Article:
Yum Brands (NYSE:YUM) has been a favorite growth stock on Wall St. over the last year, and it has come to rival McDonald's (NYSE:MCD) as perhaps the most popular fast food investment. Yum, which owns a portfolio of popular food chains including Taco Bell, Kentucky Fried Chicken, and Pizza Hut, has been aggressive in growing their brands internationally, especially in China. Just before Thanksgiving the stock closed 40 cents shy of its 52 week high. In the week that followed, the stock reached a new 52 week high of $74.55, but tumbled almost 11% over the following weekend after an article in the Wall St. Journal reported Yum's growth in China was slowing.
The recent price correction has brought the P/E and P/S ratios much closer to the 10 year averages 19.2 and 1.7 respectively, but still remain higher than the industry averages of 19.1 and 1.1 respectively. While these indicators might not warrant selling, it does warrant looking for an alternative, especially if the rumors about Yum's growth in China are true.
For those looking to stay in the fast food restaurant industry, the original golden arches could be a great opportunity. After announcing a decline in monthly sales for the first time in nine years on November 8th, McDonald's Corporation saw its share price fall to a new 52 week low of $83.31. Since the then, the stock has recovered to about $89.50, but remains down over 10% since the beginning of the year, providing a potential entry point for investors.
So how does Yum Brands stack up to McDonalds?
The Stronger Income Sheet
By calculations based on the financial data over at YCharts.com, Yum Brands has seen its revenue grow slightly faster than McDonald's (4.9% average annual growth vs. 4.3% in 2011), but it hasn't been translating to the bottom line for investors. This can be explained by looking at the gross margins, operating ratios (a measure used by investors to gauge the ability of an organization to generate profit if revenues decrease; when comparing two companies, a lower ratio is better), and net margins.
*2012 represents last 4 quarters combined
As an investor, we want to see high gross margins, high net margins and low operating ratios. While Yum Brands' gross margin is 5% higher, they are incurring higher Selling, General, Administrative expenses, driving up the operating ratio and suppressing the net margin. As result, Yum Brands' net income averaged an annual growth rate of 9.8% per year over the past five years compared to McDonalds' 23.1%.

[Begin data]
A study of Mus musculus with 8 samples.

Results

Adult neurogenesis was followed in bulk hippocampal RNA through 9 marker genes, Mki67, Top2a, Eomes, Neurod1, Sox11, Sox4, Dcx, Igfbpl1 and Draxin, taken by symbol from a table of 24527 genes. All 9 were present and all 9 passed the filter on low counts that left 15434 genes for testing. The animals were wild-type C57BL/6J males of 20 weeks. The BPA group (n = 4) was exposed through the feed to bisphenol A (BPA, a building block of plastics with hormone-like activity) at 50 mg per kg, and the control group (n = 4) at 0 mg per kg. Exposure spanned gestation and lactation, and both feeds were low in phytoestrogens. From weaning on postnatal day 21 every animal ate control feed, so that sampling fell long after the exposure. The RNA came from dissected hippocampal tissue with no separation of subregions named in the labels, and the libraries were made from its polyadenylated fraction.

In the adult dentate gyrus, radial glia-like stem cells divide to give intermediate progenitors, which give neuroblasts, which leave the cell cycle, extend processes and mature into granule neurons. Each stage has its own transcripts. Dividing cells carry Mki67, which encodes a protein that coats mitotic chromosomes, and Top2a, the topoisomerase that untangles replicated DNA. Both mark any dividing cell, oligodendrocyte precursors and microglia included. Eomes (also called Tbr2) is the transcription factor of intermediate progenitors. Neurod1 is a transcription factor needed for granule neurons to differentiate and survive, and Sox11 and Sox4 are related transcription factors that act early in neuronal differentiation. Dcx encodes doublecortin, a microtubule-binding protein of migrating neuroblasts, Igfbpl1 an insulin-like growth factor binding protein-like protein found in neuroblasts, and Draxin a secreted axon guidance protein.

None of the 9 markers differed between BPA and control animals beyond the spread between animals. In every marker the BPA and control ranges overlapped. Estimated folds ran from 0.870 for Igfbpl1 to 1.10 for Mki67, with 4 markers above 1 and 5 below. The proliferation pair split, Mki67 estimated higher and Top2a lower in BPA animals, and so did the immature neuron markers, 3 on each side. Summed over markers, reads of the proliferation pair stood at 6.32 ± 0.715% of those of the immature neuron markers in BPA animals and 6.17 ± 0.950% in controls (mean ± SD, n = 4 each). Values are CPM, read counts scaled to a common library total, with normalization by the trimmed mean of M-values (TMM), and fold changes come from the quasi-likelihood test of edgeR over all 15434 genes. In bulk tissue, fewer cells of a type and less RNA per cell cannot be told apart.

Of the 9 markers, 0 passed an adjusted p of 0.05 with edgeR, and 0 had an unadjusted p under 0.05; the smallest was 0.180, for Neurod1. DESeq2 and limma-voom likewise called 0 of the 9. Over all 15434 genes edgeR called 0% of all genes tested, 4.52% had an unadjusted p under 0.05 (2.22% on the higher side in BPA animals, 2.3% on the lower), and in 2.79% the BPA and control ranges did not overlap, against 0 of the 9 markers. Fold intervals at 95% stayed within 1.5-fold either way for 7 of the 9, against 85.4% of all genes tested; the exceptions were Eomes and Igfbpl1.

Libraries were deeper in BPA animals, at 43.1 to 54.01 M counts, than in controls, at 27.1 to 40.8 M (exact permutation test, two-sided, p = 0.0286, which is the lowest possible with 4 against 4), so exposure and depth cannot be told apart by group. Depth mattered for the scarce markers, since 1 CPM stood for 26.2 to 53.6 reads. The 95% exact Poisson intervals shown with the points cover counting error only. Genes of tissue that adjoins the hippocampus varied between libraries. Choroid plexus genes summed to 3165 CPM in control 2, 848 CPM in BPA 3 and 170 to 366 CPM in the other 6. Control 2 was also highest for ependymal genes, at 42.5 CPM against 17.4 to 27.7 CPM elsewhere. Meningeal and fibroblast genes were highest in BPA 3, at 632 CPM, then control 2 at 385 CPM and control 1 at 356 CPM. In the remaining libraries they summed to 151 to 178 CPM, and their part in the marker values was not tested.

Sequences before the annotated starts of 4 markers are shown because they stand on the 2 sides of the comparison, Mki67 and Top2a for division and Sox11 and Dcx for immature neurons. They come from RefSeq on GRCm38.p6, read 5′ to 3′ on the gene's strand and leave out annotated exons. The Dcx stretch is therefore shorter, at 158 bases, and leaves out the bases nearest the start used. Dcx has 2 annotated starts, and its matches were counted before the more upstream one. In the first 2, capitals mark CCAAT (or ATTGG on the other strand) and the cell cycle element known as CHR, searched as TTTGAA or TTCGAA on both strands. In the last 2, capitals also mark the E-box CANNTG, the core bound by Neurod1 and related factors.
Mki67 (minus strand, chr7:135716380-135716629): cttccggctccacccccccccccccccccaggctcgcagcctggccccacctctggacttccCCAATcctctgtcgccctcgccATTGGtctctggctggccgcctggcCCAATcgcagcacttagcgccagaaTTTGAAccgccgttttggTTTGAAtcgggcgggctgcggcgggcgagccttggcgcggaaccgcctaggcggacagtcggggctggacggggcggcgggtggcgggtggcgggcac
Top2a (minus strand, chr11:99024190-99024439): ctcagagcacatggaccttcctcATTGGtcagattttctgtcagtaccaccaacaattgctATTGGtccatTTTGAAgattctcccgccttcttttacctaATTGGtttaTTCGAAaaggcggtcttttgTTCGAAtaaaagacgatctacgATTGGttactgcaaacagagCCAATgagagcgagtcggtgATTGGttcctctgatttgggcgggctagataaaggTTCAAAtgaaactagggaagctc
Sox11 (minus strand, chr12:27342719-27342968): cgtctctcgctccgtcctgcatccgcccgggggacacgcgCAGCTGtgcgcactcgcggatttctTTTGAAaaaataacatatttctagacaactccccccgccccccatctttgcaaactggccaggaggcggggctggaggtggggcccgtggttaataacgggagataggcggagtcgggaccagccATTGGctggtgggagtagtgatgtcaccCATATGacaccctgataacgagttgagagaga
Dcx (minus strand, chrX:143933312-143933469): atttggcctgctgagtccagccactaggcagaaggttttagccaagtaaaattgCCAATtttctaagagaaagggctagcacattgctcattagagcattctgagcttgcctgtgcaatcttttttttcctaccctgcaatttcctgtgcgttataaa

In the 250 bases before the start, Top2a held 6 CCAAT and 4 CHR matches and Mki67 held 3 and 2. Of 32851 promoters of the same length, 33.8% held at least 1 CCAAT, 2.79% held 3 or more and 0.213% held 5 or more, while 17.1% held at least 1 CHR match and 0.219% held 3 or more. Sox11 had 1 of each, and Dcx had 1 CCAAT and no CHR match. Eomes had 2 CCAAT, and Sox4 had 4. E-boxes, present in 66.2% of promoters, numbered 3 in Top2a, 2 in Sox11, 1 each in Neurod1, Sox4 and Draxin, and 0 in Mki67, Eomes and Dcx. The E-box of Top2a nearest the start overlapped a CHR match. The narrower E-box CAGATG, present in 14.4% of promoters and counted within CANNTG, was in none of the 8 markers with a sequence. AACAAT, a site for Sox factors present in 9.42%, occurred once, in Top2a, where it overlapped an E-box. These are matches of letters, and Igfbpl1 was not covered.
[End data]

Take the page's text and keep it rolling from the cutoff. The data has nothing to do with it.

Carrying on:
In addition, higher net margin for MCD provides more safety by providing management with more options. For example, consider what would happen if food costs rise. In the highly competitive fast food industry, getting price right is critical. If MCD felt prices were elastic, they could elect to absorb the cost rather than raising prices allowing it to steal share from competition. With lower net margins, this might not be an option as it would end up creating a loss for the company.
At first glance the two companies appear comparable in terms of their financing. Both enjoy debt to operating income ratios below 2.5 times the 12 month trailing operating income and have less than 10% of their long term debt coming due within the year. The biggest difference is in the debt to equity ratio. Based on my calculations, the ratio of liabilities to stockholder equity plus treasury stock for Yum is 8 times higher than MCD (3.6 compared to 0.44). The higher ratio indicates that Yum using more debt to finance growth than MCD. Over the short term, this will help improve earnings per share, but over the long term, increase interest expense and potentially create more volatile earnings.
Higher Dividend and Valuation
My calculations based on the financial data at YCharts.com shows that from 2007 to 2011, MCD had an average annual EPS growth rate of 27.5% and dividend growth rate of 14%. In the same period, Yum had EPS and dividend growth rates of 12.7% and 19% respectively. If we assume these growth rates continue over the next 5 years, MCD earnings and dividend would grow from $5.33 and $2.53 to $14.06 and $5.20 per share. If the same were done for Yum, their earnings and dividends would grow from $2.81 and $1.04 per share to $4.54 and $5.49 per share. Using conservative P/E ratios of 14.3 for MCD and 12.9 for Yum, which represents the 10 years lows for both companies, future share prices are estimated to be $201.1 and $58.6.
At these prices, average annual return based on today's prices excluding dividends, would be 23.7% for MCD and YUM -5.5%. If the current P/E ratios, which in the case of Yum Brands, has only been achieved three times in the last 10 years, are used to estimate future value, the resultant share prices are $228.2 and $98.2; average annual returns, excluding dividends, of 27.6% and 7.5%.
McDonald's Corporation is fundamentally stronger than Yum Brands. MCD enjoys higher, safer margins, significantly less debt financing, and higher earnings and dividend growth rates. Even if MCD's growth rate were halved over the next 5 years, the future earnings would be $8.92 per share. Using the conservative P/E of 14.3, the future share price would be $127.6 for an average annual return, excluding dividends, of 10.4%.
While MCD recently felt the effects of a slowing, economy, Yum felt it much more. This primarily because of the higher operating ratio of Yum; as growth slows, so does revenue, resulting in slower bottom line growth for investors. While slower economy hurts YUM, it the recent price drop in MCD could be a good opportunity to get into this great company at a low price. Risk of further short term downside can be hedged by using a dollar cost averaging strategy over the next few months.